December 31, 1908 -
- September 20, 2005
March 04, 2008 | National Jewish Book Award
Hannah Heer, director of the documentary "The
Art of Remembrance", contributed an essay, "Searching
for Simon" to the book "Antisemitism,
The Generic Hatred: Essays in Memory of Simon Wiesenthal",
which won the 2007 National Jewish Book Award
in the category "Best Anthology and Collection".
The National Jewish Book Awards were presented at the Center for
Jewish History in New York City, on March 4th, 2008.
October 07, 2005
Wiesenthal Larger Than Life on Screen
by Robert David Jaffee, Contributing Writer
Simon Wiesenthal, whose dogged persistence led to the capture
of approximately 1,100 accused Nazi war criminals, was the quintessential
larger-than than-life figure filmmakers crave. While there were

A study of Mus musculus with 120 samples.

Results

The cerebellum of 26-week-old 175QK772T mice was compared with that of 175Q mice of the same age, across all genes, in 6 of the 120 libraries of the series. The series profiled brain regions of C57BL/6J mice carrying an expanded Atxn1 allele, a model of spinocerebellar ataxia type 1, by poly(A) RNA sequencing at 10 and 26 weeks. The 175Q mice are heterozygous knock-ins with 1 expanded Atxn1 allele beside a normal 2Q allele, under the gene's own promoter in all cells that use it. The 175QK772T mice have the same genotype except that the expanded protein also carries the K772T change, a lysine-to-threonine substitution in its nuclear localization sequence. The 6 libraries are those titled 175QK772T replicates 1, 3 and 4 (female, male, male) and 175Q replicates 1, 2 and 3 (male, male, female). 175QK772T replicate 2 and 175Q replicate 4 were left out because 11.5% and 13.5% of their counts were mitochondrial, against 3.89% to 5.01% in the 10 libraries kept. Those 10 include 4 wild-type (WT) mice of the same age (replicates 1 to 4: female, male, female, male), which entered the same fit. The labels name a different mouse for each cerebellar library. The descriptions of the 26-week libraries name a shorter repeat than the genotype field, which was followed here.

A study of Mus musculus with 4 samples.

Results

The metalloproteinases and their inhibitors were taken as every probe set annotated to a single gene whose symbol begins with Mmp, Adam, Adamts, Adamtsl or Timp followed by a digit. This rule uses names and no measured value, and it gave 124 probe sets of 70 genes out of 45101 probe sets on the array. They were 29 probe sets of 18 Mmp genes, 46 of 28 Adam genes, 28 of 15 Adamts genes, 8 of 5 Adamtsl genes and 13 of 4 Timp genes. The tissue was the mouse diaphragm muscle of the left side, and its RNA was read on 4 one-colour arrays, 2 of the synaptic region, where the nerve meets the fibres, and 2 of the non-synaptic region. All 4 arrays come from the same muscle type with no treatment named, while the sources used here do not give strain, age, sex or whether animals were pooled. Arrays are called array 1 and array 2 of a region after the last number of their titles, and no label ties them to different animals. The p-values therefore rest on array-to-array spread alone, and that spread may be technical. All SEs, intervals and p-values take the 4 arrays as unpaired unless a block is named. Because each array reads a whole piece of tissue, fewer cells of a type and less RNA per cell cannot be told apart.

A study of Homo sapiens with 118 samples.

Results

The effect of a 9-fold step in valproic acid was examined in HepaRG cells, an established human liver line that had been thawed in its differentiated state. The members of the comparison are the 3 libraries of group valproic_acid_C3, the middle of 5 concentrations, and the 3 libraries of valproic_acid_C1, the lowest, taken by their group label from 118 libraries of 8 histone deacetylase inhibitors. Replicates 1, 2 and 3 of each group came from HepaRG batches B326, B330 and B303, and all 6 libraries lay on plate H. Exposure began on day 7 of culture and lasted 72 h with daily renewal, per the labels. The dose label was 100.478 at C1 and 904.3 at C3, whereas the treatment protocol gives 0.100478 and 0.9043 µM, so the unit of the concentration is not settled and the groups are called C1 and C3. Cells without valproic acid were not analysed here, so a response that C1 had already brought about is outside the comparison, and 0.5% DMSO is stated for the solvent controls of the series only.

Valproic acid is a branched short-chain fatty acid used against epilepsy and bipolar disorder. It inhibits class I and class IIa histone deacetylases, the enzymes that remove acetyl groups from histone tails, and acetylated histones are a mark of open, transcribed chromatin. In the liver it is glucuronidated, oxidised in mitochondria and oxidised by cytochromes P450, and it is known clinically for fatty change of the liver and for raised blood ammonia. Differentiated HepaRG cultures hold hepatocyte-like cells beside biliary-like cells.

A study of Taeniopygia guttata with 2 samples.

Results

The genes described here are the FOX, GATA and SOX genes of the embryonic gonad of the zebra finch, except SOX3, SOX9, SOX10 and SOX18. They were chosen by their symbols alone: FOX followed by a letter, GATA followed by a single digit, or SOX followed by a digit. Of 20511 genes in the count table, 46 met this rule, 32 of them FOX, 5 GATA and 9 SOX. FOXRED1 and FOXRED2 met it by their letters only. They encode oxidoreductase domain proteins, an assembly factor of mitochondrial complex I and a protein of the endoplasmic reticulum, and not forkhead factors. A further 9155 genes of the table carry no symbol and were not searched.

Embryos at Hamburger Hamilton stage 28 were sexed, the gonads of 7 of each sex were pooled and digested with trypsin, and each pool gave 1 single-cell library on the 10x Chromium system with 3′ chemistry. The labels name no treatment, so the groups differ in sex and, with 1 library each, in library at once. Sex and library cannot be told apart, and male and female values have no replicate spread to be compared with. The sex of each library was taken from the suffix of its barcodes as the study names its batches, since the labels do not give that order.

some less-than-distinguished films made about him over the years,
they were outweighed by fine documentaries, such as
“The Art of Remembrance,” Oscar-nominated
features such as “The Boys From Brazil” and several
thoughtful telepics . . .
-- The Jewish Journal of Greater Los Angeles
The Art of Remembrance: Simon Wiesenthal,
by Hannah Heer and Werner Schmiedel, is a documentary about a
man revered as one of the great Jewish humanitarians of the 20th
century. Raul Hilberg and other intellectuals also perceive him
as a philosopher, although his primary work for many decades was
the investigation of Nazi criminals. In a society which, since
the Holocaust, has largely accepted repression of its own history,
remembering appears as an art, as an ever-repeating necessary
process which permanently borders on social taboo.
Thus Simon Wiesenthal, in his capacity as survivor, describes
his mission in relation to those murdered as "remembering
as a duty"; he gives his life to the service of truth. For
"anyone who denies the crimes and genocide of the past is
opening up the way for the murders of the future".